B i o g r a p h y
Pianist FRANÇOIS GERMAIN has performed extensively in Europe, the United States and Canada as soloist and accompanist. Originally from Aix-en-Provence, France, he is the recipient of many awards, including first prizes in the Radio-France Competition, the Madeleine de Valmalète Competition and the Paul and Verna Gelinas Competition. He holds a bachelor's degree in music from the Conservatoire Darius Milhaud, and a master's and doctorate degrees in piano performance from the University of Montreal. Recent performances include such venues as the American Church in Paris, Steinway Hall in New York, the Mozarteum in Salzburg, and the Atheneum in Athens.
A native French and German speaker, he specializes in French mélodie, lied and art song. He served from 2002-2007 at the University of Montreal as a graduate vocal coach and assistant to Rosemarie Landry (a disciple of Pierre Bernac and Gerard Souzay) where he acquired a unique expertise in French lyric diction and style. He is a founder and editor of the website dictionpolice.com which provides practical multimedia language and diction tools for classical singers. He has given Masterclasses and workshops on French repertoire in Europe and throughout the United States in institutions such as the Longy School of Music and the Cleveland Institute of Music.
Dr. Germain is currently an Associate Professor at the Crane School of Music at the State University of New York in Potsdam, where he is the head of the voice area and also teaches piano performance. Additionally, he provides coaching and musical preparation for the award-winning Crane Opera Ensemble.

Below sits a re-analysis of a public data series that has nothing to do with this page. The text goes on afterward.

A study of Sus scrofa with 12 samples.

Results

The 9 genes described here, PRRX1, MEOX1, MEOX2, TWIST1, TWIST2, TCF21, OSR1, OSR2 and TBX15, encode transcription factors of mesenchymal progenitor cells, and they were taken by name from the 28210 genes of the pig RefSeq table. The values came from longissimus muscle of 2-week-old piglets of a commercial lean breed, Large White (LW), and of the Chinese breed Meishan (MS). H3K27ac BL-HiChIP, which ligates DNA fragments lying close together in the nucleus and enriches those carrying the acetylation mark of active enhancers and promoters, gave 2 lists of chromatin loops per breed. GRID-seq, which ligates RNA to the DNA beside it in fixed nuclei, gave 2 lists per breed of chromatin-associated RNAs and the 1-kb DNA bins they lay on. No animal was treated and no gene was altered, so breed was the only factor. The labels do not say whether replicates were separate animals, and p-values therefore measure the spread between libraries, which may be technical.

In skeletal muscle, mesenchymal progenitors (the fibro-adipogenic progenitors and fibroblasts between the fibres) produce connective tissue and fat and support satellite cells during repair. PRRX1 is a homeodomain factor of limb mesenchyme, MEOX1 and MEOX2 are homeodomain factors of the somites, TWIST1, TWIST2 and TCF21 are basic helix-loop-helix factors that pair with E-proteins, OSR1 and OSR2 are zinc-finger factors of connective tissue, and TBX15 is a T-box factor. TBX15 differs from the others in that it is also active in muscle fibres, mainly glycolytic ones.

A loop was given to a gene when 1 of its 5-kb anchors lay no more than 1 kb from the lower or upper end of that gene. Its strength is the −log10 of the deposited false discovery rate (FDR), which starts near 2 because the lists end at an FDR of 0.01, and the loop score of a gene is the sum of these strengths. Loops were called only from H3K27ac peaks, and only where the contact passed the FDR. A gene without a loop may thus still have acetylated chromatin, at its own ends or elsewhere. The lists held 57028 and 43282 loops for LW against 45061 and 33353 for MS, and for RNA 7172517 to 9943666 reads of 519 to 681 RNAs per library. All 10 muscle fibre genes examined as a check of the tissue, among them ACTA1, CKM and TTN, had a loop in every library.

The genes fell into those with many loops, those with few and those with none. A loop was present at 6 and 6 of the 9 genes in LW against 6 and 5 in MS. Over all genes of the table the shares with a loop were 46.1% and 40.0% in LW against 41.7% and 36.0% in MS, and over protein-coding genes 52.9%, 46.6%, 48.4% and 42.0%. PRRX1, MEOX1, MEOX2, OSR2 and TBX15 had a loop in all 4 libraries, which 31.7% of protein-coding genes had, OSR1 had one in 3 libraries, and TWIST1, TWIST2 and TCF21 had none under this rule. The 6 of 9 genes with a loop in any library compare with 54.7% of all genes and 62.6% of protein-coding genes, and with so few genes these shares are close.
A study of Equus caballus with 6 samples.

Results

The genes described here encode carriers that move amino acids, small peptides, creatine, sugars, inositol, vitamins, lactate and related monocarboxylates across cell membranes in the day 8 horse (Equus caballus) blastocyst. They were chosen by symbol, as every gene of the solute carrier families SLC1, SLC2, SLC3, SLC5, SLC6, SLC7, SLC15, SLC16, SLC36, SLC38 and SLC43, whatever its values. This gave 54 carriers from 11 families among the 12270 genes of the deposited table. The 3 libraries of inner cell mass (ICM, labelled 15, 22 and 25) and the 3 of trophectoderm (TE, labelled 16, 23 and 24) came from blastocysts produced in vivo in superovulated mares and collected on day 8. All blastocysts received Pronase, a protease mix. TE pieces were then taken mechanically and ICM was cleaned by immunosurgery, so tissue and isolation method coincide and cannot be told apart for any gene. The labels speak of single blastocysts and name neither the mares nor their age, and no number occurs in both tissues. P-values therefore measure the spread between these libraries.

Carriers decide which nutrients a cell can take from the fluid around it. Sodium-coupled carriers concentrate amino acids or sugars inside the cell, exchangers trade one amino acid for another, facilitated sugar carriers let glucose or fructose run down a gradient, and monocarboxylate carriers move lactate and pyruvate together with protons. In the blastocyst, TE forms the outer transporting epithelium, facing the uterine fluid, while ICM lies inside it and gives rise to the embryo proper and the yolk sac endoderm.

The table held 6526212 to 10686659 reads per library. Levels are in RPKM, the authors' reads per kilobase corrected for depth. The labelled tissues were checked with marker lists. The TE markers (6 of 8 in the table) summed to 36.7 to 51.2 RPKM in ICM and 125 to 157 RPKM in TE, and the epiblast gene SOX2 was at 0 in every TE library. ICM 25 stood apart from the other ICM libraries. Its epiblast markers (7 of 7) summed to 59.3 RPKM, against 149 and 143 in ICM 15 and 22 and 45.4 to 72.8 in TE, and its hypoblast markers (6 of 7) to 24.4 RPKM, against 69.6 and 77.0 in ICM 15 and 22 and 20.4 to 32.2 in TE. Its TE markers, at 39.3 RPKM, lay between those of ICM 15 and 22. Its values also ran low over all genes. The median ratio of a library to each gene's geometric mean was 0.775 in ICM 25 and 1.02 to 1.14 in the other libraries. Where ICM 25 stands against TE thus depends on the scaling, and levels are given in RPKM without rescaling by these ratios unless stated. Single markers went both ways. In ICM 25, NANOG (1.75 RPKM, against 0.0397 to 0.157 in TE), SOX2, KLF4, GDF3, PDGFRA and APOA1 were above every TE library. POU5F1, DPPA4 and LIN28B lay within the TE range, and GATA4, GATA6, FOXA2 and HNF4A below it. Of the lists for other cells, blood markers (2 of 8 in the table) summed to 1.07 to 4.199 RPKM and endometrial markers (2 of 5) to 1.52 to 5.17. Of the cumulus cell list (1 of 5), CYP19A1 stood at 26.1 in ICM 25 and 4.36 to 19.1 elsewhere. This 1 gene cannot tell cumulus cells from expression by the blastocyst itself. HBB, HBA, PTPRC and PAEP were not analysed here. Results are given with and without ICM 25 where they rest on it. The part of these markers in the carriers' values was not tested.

Since 2017, he has been on the staff of the Semperoper in Dresden Germany as a guest coach, working on new productions of French operas.
For the last 10 years, Dr. Germain has been on the Faculty of the University of Miami Frost School of Music Summer Program in Salzburg, Austria, one of Europe's longest running and most respected programs of its kind for singers and vocal pianists.
In addition to his performance and teaching activities, Dr. Germain holds a master's degree in political science from the Institut d’Etudes Politiques (Sciences-Po) where he researched the socio-political context of Dimitri Shostakovich's work and the relationship between Soviet composers and the cultural authorities of the time.
His principal teachers include Marc Durand, Jean Saulnier, Bernard Flavigny and Clara Woringer-Kastler, and he has taken part in master classes with such greats as Boris Berman, Thomas Grubb, Roger Vignoles, and Malcolm Martineau.